December brought some disappointing monthly sales figures for Target Corp. A key measure of sales showed improvement over December 2009, but fell short of expectations.
Retail analysts surveyed by Thomson Reuters had expected December sales at Target stores open at least a year -- a key measure -- to surge 4 percent over the year before. But in the end, the discount retailer's sales only edged up about 1 percent.
Target said December was weak because customers made a lot of purchases earlier in the season, and when they did shop last month, customers bought cheaper gifts than expected. Bad weather may also have kept some shoppers home.
Target's grocery and apparel segments did see a sales bump last month. But sales of items like electronics, toys, music, and movies actually dropped.
"Electronics has been one of the most competitive holidays this holiday season. Aggressive discounting across the board has really dragged down results," said R.J. Hottovy, a retail analyst with Morningstar.
Hottovy says Target isn't the only retailer having trouble with electronics sales. In December, Best Buy reported a decline in third quarter profit and cut its outlook. Hottovy says it's really hard for retailers to stand out selling some electronics.
"TVs are pretty much everywhere at this point. You can get them somewhere as non-traditional as a grocery store at this point," he said. "I think we're starting to see some of those results in Target's results today."
“There's no doubt that 70 percent of Americans are in the tank, and if you're Target, a lot of those folks are your customers.”Analyst Howard Davidowitz
But retail analyst Howard Davidowitz thinks Target's December sales performed reasonably well, all things considered. He points to a number of retailers that have been struggling.
"Sears is the largest department store in the United States, they're in the crapper," he said. "Walmart is the largest retailer on planet Earth, they're comparable store sales have been down for six consecutive quarters and they're still in the tank. Walgreens just announced an earnings disappointment."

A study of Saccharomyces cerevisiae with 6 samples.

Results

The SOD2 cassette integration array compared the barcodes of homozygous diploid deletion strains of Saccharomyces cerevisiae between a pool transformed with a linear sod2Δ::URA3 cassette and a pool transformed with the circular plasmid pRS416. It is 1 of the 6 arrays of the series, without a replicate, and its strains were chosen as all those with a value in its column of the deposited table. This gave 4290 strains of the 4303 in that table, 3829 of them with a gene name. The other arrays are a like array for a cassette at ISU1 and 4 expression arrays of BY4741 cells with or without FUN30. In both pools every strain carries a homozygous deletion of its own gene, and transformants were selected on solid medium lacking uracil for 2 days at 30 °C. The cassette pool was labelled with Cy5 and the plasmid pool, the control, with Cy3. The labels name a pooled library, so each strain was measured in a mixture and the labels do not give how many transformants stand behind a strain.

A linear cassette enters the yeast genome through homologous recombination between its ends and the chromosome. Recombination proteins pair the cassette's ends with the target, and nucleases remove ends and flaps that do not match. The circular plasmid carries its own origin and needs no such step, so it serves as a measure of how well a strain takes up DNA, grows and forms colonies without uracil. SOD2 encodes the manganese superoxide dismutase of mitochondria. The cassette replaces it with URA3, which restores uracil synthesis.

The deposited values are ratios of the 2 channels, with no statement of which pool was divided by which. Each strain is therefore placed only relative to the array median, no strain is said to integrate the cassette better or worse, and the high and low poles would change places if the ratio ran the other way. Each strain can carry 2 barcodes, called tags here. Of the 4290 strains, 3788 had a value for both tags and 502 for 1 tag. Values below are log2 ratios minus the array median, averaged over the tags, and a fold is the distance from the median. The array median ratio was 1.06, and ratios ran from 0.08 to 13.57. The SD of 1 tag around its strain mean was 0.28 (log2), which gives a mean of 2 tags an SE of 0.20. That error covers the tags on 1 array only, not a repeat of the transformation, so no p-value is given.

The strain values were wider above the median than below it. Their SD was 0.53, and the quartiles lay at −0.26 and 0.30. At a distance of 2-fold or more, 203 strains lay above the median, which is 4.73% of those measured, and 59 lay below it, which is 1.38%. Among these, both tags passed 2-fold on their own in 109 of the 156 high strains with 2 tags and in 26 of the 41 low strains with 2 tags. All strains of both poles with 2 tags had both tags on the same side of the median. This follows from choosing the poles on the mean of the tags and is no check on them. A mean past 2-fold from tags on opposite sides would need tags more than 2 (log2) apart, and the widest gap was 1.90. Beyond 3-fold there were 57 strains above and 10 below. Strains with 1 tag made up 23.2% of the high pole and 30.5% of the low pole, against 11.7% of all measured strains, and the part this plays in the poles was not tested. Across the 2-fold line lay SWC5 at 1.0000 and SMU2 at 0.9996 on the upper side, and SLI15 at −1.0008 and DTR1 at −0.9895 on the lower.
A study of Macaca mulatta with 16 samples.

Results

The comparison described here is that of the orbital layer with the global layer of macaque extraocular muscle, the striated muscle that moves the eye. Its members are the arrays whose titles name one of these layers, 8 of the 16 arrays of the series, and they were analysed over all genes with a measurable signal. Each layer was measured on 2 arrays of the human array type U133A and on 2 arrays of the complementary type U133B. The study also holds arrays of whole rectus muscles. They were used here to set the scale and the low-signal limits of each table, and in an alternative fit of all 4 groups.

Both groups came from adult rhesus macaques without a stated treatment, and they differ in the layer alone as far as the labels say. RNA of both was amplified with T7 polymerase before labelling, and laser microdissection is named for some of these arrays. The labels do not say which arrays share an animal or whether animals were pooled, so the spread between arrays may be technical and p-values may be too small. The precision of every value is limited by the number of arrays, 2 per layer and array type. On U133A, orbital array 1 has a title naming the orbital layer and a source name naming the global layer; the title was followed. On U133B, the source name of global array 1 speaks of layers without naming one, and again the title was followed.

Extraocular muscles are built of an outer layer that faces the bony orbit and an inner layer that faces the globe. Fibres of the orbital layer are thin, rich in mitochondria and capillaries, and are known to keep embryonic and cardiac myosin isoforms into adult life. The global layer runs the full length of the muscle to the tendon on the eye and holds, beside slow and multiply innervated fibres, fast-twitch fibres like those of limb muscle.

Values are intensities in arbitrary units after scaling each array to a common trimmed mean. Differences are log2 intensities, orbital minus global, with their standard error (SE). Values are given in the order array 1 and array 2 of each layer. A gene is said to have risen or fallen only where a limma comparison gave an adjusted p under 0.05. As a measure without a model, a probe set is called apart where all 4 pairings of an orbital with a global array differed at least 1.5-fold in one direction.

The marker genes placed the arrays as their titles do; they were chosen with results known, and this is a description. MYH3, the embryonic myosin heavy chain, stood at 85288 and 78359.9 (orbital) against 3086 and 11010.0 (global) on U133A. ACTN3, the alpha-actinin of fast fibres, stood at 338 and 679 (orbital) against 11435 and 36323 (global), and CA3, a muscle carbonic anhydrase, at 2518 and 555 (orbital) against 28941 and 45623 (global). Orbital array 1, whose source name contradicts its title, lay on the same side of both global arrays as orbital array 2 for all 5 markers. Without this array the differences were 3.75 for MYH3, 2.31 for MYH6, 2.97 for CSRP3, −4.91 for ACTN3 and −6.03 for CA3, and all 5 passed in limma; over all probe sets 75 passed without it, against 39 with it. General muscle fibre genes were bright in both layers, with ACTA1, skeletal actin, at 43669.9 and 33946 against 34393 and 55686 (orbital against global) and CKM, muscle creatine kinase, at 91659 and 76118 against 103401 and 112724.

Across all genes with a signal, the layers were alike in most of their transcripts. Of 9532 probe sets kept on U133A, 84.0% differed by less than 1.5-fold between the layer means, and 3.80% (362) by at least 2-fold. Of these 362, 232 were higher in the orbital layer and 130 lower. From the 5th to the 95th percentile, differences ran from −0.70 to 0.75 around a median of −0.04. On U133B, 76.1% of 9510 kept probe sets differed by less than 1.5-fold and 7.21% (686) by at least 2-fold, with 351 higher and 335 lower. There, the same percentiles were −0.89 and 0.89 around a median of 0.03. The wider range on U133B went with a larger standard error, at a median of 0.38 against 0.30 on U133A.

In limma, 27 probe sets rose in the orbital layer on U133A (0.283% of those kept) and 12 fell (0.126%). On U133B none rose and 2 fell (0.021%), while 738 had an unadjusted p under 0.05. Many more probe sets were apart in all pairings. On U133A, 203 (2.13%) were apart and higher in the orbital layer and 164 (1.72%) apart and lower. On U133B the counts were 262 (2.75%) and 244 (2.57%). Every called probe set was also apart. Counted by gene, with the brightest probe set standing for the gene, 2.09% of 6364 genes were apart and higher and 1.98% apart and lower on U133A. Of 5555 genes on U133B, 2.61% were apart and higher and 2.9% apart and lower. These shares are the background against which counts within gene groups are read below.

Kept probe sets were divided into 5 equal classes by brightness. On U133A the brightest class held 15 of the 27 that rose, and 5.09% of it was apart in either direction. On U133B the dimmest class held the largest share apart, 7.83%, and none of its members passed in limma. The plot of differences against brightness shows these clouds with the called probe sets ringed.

That perspective may seem confusing, especially amid other reports that the retail sector is bouncing back. On Thursday, MasterCard SpendingPulse reported that in the 50 days before Christmas, holiday shopping climbed nearly 6 percent from the year before -- the highest year-over-year jump since its recordkeeping started in 2006.
Davidowitz says some of the retail reports look so rosy because they reflect the shopping of high-end shoppers. He says luxury stores are faring well.
"There's no doubt that we have a bifurcated consumer. And the top end, of course, the wealth factor is real," said Davidowitz. "There's also no doubt that 70 percent of Americans are in the tank, and if you're Target, a lot of those folks are your customers. So it's very tough."
That assessment is grimmer than the view of economist Mark Zandi of Moody's Analytics. He sees the American consumer split not in half, but into thirds. Those in the top third in terms of income are doing fine and spending strongly.
"The middle third -- they have a job, they're still spending. They're more cautious than they were; their saving rates are up. They're not out blowing down the doors, but they're doing their part," he said.
"And the bottom third is obviously under tremendous pressure. Unemployment's still 10 percent, foreclosures are at record highs, they've got lots of financial problems."
But Zandi says the lowest third only account for about 10 percent of spending. The bulk of spending is done by the top one-third of shoppers.
Even still, Zandi sees all boats rising. He says unemployment is likely to start ticking down, and the worst of the foreclosure crisis has passed.
He's expecting consumer spending to jump about 3.5 percent in 2011, twice as fast as in 2010.
And that kind of bump could give Target a lift, too.